Edward Norton does the identical twin routine in Tim Blake Nelson’s comedy about a pair of brothers whose divergent lives reconnect when news of the death of one draws the other back home.

One brother is a pot growing entrepreneur with a crippling lack of smarts and a talent for trouble while the other brother is an Ivy League professor on the verge of a huge promotion and keen to maintain the distance he has travelled from his humble beginnings.

When the learned sibling realises that reports of his brother’s death are not only greatly exaggerated, but are part of a plot to take down a domineering local crime boss, the Slackerdemic double act get to work at rebuilding bridges and sorting their lives out. Which is nowhere near as trite as it sounds. It’s a keenly felt, visually interesting and surprisingly nuanced comedy.

Edward Norton takes on the roles of both brothers while aplomb, though his pot grower from the sticks is at first a little too cornball, but as the film progresses we find both to be layered performances, capable of engaging our emotions and elevating the film. Norton has a habit of allowing the other characters to develop around him, almost fading to the background but this is why he is so magnetic a screen presence.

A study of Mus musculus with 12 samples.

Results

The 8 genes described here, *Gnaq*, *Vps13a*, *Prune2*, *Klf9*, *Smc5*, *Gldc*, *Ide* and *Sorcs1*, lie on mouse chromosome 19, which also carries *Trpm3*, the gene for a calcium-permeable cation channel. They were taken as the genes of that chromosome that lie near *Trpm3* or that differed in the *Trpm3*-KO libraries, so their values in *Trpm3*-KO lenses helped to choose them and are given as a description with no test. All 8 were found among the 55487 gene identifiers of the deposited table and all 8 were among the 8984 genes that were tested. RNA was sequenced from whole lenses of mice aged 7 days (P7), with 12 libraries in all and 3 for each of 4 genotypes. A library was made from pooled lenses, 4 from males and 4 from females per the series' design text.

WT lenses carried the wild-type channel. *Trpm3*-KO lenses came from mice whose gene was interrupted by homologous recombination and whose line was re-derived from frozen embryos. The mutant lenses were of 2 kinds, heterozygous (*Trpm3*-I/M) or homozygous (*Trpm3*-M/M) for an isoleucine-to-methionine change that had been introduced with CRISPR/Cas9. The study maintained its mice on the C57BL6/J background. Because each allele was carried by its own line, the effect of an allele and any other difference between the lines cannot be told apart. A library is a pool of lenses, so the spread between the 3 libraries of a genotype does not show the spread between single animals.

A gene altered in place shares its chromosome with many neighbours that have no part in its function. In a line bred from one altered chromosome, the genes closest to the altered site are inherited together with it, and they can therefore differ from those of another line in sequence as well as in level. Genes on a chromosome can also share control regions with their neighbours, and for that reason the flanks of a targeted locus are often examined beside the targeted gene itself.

It’s a fairly standard premise elevated by a great supporting cast with Susan Sarandon’s role as the twins’ mother is soaked in pathos and gin and Richard Dreyfuss’s duplicitous drug baron Pug Rothbaum (a Coenesque name if ever there was one) is a coarse and chilling presence. It’s always great to see Melanie Lynskey on screen and Blake Nelson is virtually unrecognisable in his supporting role and you get the feeling that this film was made as a passion project rather than an attempt to attract a wide audience. Its cast is its greatest asset and its witty script will surprise those expecting a pothead crime caper – it is far deeper, and far more enjoyable than that.

Leaves of Grass is out now on DVD and VOD.